Joyce Glasser reviews The Light Between Oceans (November 4, 2016)
Derek Cianfrance has taken a gamble adapting ML Stedman’s compelling 2012 melodrama The Light Between Oceans for the screen. It is not a genre film or even a historical film, despite being a period epic stretching from 1918 to 1950. At its core, the film is a romantic love story defined by place, distance and the impossible choice that the two lovers have to make. In that alone the film is comparable to the superb Brooklyn that went home empty handed from the Academy Awards.
If The Light Between Oceans is recognised for anything at award time, it will be for its stunning cinematography and production design. The acting is fine and the two leads (Michael Fassbender (12 Years a Slave, Hunger) and Alicia Vikander (Oscar winner for The Danish Girl) have all the chemistry necessary, but the story is more perfunctory and contrived than dramatic, while Cianfrance’s pacing is off despite the 130-minute running time. In the second half of the film, we are rushed through events and a kaleidoscope of emotions too superficially to shed the tears Cianfrance is seeking.
Love-at-first-sight propels introverted, guilt-ridden WWI survivor Tom Sherbourne (Michael Fassbender) and spirited, small-town teenager Isabel Graysmark (Alicia Vikander) into a life together on remote Janus Island where Tom has replaced an ominously suicidal lighthouse keeper. It is actually Isabel who does the proposing. Tom is more reserved and not just because the decorated soldier feels too guilty having survived to hope for happiness and anything like Isabel.
He is also hesitant about taking a young woman, and an only child after her brothers were killed in the war, to such a remote and inhospitable location. A supply boat travels only four times a year between the little port of Partageuse on the west coast of Australia and Janus Island, which sits between the Indian and the Great Southern Oceans, a dot on the horizon. Janus, looking out to two oceans: the two-faced god of beginnings, passages and endings.
As with the early scenes when Tom is alone on the island doing his routine tasks, the couple’s courtship and idyllic first year on the island are captured in romantic montages in which there is minimal dialogue. We know from an early remark that Isabel wants a big family, a remark that seasoned readers and cinephiles will interpret as a tragic foreboding. Sure enough, as the happy couple prepares the house for the new arrival, fates plays its cruel hand. Isabel is inconsolable.
A new pregnancy brings some hope, but we know better by now and Tom and Isabel are equally worried. Just as they bury the second baby, another baby is miraculously washed up on shore, like Moses. Also in the boat is a dead man, presumably her father, and an expensive rattle that Tom should have buried with the man. Tom, who is duty bound to record every minor incident in the light house log, cannot bring himself to betray his wife and enter this major incident. He knows they will come immediately and take the baby to an orphanage.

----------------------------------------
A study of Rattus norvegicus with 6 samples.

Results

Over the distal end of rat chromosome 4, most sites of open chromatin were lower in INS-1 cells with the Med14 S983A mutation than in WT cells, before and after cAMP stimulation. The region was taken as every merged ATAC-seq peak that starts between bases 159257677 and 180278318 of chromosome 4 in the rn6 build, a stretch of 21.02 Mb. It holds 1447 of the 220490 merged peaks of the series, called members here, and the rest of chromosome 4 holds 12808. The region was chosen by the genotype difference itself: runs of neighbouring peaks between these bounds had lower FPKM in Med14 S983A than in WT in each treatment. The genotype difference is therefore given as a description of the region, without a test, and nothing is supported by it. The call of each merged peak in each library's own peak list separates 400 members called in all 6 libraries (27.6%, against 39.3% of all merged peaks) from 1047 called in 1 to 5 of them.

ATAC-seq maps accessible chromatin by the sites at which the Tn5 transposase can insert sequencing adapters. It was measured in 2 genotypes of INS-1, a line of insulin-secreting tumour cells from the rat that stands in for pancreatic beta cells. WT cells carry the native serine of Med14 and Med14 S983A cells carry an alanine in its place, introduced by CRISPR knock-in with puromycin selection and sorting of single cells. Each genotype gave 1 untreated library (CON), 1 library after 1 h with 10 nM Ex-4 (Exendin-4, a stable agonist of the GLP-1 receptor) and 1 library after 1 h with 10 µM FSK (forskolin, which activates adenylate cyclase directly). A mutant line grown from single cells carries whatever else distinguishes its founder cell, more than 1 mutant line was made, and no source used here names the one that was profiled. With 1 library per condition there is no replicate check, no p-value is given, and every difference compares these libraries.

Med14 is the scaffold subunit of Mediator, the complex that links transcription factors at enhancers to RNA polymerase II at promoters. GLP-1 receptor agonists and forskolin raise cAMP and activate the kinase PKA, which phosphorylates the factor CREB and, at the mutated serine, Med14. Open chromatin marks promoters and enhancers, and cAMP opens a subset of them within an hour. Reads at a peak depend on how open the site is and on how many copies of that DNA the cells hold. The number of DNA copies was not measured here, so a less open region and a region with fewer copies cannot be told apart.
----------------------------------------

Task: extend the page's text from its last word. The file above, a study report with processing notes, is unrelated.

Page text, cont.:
The baby, which they name Lucy, is fed with the dead child’s milk and put to bed in its crib. The cute little girl becomes the light of Tom’s eye. We once again find ourselves in a kind of montage of an idyllic family life where a bond is created that nothing can sever. But Tom’s guilt at the empty space in the log book becomes unbearable when, back on Partageuse for Lucy’s christening, he meets Hannah Roennfeldt (Rachel Weisz), daughter of the island’s richest man. She spends a lot of time in the grave yard, mourning her Austrian husband Frank, a baker, and their infant daughter, Grace presumed lost at sea.
These are the bare bones of the story, but the carefully balanced moral dilemma is clear. The film is now more than a love story. It’s about how rational and good people can make the wrong decisions when their judgment is clouded by emotion and how these decisions have a ripple effect like a stone tossed on the water.
While the acting in almost all cases is excellent, it is strange in a film where place is so important, that almost none of the cast can manage an Aussie accent. Ironically, the best Aussie accent comes from Leon Ford as Frank Roennfeldt, Hannah’s Austrian husband who is persecuted by the anti-German mob. As Tom and Isabel learn, when his life is in danger from a pursuing mob, Frank jumps in a boat with his daughter, Lucy and heads for sea.
Here it is apparent that Frank Roennfeldt, the victim, also makes a decision that affects others. Frank’s is the real tragedy of the story and all others stem from his decision borne of understandable panic and fear. But it is still quite a strain to believe that he would take his two month old baby from his mother and row out to sea with her to escape the town mob.
The film looks beautiful, and all of the actors do their best, so much so that Fassbender and Vikander, two of the most eligible A-listers in the world, became a real-life item on the set. But the second half of the book is an emotional roller-coaster during which you want to strangle both Tom and Isabel for their stubbornness. At this point Rachel Weisz has no trouble stealing a few scenes.
Adaptations do not have to be faithful to the original source, of course, but Cianfrance’s script is.
By not leaving time for the novel’s shifting emotions to develop so we can understand the Lucy (Caren Pistorius, so good in Slow West) we meet 25 years on, the emotional journey feels truncated.